Of particular excitement to me and my sisters at holiday time when we were growing up was the ritual of dressing to leave our house in Arlington: the snow white tights, still cool from their cellophane and cardboard trappings, and our matching patent leather Mary Janes; slips and freshly braided hair, or, if there hadn’t been enough time for our mother to braid three heads, one of us was perhaps expertly adjusted with some Posner’s and “the brush,” which was nobody’s friend. Our dresses matched, as well: swaths of wine colored velvet; crisp white collars; a wide, dark green sash of satin tied with a bow Empire-style across our chests.
For several years in the ’70s and ’80s, our mother took us to The Nutcracker at what was then called The Wang Center, or to the Boston Pops, a favorite of my grandmother’s. We were never taught that these were not our spaces, instead, they were hallowed spaces for our family, destinations deserving of a polish and, depending how far back into the ’70s one goes to retrieve such memories, the little white gloves tucked away in our top drawers. My mother and my grandmother in particular worked hard to ensure that these places were considered municipal spaces when discussed by our family. Open to all. Belonging to none.
Ever the theater kid, both the ballet and the concert hall felt as though they should be beacons to me. I didn’t long to be Clara so much as I yearned to be whisked away by tulle and bright light. And yet. There was a certain remove regarding these shows. I couldn’t quite wrap my mind around it. One year, though, my grandparents, father, and mother grew excited: The little boy playing Fritz was Black. And I realized I did understand, after all.
So I can say that it was a new feeling I felt in 1983 when my mother and grandmother nestled our lot — cousins and aunts and uncles — side by side into Northeastern’s Blackman Auditorium to attend Boston’s Black Nativity. Perhaps it was glee, its orange-red fringe warming the frost off our cheeks and noses: none of the other holiday outings besides church were a call for almost the entire family to show up in public somewhere in the middle of winter. This was new. And thrilling. Maybe it was spiky titillation. Nothing had even happened yet, but the crush of so many people, so many people who seemed to all know each other in some way, seemed to be making my legs bounce up off the seat of my chair. Everyone looked happy to be out, to be here. I knew better than to ask “Do we know that lady?” Barely 8, by now I knew if you were out and you saw another Black person, you were to say hello. It was what was done. “But do we know him?” Say hello. “Her?” Hello. “Them?” Hello, hello, hello. Tonight it was an entire room of hellos. And some seemed familiar (followed by handshakes, kisses on cheeks, mentions of how big you’ve all gotten and are you still at and so good to see you).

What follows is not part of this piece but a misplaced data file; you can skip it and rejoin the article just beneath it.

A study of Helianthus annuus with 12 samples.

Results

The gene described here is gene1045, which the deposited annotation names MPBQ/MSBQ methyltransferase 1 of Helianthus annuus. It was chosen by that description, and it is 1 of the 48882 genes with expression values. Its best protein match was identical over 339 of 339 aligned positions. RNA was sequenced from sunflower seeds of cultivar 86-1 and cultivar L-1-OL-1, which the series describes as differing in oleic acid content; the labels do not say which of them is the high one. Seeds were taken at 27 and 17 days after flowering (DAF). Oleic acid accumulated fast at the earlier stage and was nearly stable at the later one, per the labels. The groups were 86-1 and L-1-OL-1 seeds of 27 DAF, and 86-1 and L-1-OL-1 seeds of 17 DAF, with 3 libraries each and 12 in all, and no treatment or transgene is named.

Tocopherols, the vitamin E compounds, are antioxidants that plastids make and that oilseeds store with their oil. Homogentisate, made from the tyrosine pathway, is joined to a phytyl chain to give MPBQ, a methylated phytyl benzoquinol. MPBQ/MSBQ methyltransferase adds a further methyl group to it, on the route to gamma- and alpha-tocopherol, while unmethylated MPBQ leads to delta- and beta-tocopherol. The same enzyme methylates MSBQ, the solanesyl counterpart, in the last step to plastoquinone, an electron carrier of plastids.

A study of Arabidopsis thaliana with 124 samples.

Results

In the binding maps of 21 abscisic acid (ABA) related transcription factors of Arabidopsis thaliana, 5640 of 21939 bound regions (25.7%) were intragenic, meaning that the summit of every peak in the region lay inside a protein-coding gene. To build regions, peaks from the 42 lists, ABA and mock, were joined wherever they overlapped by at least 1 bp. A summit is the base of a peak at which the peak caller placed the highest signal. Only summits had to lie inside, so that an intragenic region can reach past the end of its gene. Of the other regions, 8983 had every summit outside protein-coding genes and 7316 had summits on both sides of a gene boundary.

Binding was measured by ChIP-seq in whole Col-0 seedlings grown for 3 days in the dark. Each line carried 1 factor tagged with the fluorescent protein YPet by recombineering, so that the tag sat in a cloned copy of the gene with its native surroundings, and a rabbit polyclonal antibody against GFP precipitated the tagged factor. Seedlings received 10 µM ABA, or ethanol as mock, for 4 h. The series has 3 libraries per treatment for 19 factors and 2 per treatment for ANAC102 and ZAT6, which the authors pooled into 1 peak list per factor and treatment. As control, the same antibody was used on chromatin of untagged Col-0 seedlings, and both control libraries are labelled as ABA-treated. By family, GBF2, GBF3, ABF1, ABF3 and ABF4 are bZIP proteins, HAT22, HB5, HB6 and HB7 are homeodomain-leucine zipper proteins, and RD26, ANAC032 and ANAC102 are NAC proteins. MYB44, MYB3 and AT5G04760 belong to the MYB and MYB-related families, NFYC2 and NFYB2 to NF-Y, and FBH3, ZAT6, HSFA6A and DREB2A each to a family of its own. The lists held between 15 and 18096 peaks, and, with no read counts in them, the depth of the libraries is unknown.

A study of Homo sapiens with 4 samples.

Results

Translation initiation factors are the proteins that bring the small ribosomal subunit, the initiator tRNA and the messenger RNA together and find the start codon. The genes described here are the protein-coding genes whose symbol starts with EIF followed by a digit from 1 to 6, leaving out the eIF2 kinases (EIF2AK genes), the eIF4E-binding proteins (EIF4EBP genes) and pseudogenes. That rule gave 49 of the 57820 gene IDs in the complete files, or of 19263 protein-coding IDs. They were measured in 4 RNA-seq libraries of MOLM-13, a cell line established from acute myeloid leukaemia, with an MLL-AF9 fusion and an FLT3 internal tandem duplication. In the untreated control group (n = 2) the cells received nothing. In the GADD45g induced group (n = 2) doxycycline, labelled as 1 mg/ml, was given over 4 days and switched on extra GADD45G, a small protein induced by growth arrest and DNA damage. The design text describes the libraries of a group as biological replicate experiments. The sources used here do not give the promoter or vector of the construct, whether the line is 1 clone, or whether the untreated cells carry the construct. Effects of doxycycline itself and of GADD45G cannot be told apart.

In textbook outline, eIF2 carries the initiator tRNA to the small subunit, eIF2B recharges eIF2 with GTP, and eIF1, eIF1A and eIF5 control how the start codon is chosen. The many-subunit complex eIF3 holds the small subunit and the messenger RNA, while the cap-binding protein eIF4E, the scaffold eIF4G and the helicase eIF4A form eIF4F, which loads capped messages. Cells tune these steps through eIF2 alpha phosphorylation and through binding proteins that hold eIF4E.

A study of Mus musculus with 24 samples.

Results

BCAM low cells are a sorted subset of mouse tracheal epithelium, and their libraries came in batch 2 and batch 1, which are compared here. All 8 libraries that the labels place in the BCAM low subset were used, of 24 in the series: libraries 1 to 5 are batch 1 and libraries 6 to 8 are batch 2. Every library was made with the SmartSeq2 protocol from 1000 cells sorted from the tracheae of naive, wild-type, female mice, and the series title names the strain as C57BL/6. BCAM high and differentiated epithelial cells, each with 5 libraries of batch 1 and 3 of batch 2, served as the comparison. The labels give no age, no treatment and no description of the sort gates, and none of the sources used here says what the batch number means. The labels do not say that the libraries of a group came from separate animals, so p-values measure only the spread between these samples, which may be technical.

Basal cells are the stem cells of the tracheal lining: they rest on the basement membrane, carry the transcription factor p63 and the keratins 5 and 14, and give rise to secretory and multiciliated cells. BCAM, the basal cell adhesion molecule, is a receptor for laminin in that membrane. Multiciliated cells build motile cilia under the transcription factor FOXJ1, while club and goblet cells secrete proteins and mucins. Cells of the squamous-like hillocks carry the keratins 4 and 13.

Hello. Hello. Hello.
And whether or not teeth showed or eyes crinkled, a sea of smiles back.
Perhaps that new feeling was pride, which has the dexterity to both anchor oneself firmly to the ground and permit one to feel as though flight is absolutely and unequivocally attainable. For while I understood all spaces should indeed be open to all, this specific space was created to expand a sense of belonging to more.
As the show began, I settled into stillness. Row upon row of choir members — little kids like us! But grown-ups, too — streamed down the aisles, their lit candles lighting their way through the dark auditorium, their steps as careful as my sister and I were told to make ours last summer, when our Uncle David married our Aunt Pat. I’d heard “Go Tell It on The Mountain” before, but not like this. Not like my heart wanted to leap out from under my skin. I think around this time someone, probably my father, told me to sit back down in my seat. I was not in the show.
But for years after that, I longed to be. I imagined I could maybe be one of the small angels, singing the story of Jesus’ birth. I carried a tune well enough, I reasoned, even if I was terrified of burning myself up with a candle. Later I envisioned myself as Mary, who, during this rendition of the Nativity, does a West African dance as her son is about to be born, ivory-hued costume swirling about her, that made both me and my patrician grandmother swoon, albeit for different reasons. When I learned that community members participated as wise men (and later wise people) in the show, I wanted in on that, too. And if I remember correctly, there was yearly talk in our house about whether it was “all right” to want to be the live infant baby Jesus that got to be on stage the entire show. The verdict was split but I can say a laundry basket can serve as a manger, a smooshed bed pillow as “hay.”
Hello, hello, hello.
For in each figure I saw on stage in Boston’s Black Nativity, I definitively saw myself. I saw my mother, my grandmother. My aunts, my uncles. Originally written by Langston Hughes and first performed off-Broadway in 1961, Black Nativity had been produced for decades in Boston by art educator Elma Lewis, and for 50 years has served as a means of celebration for Black Bostonians when wider, whiter Boston has not always seen fit to greet us with open arms and welcoming voice.
Boston undoubtedly struggles with its racist past and its insistence that what lies ahead is the promise of an antiracist future. What I think of first, when I think of being Black, and being of Boston, is neither. It is that glee, that pride, that shout into the light: We are here. Hello.
Kirsten Greenidge is Mellon/HowlRound artist-in-residence at Company One Theatre and an associate professor of playwrighting and theatre arts at Boston University. Send comments to firstname.lastname@example.org.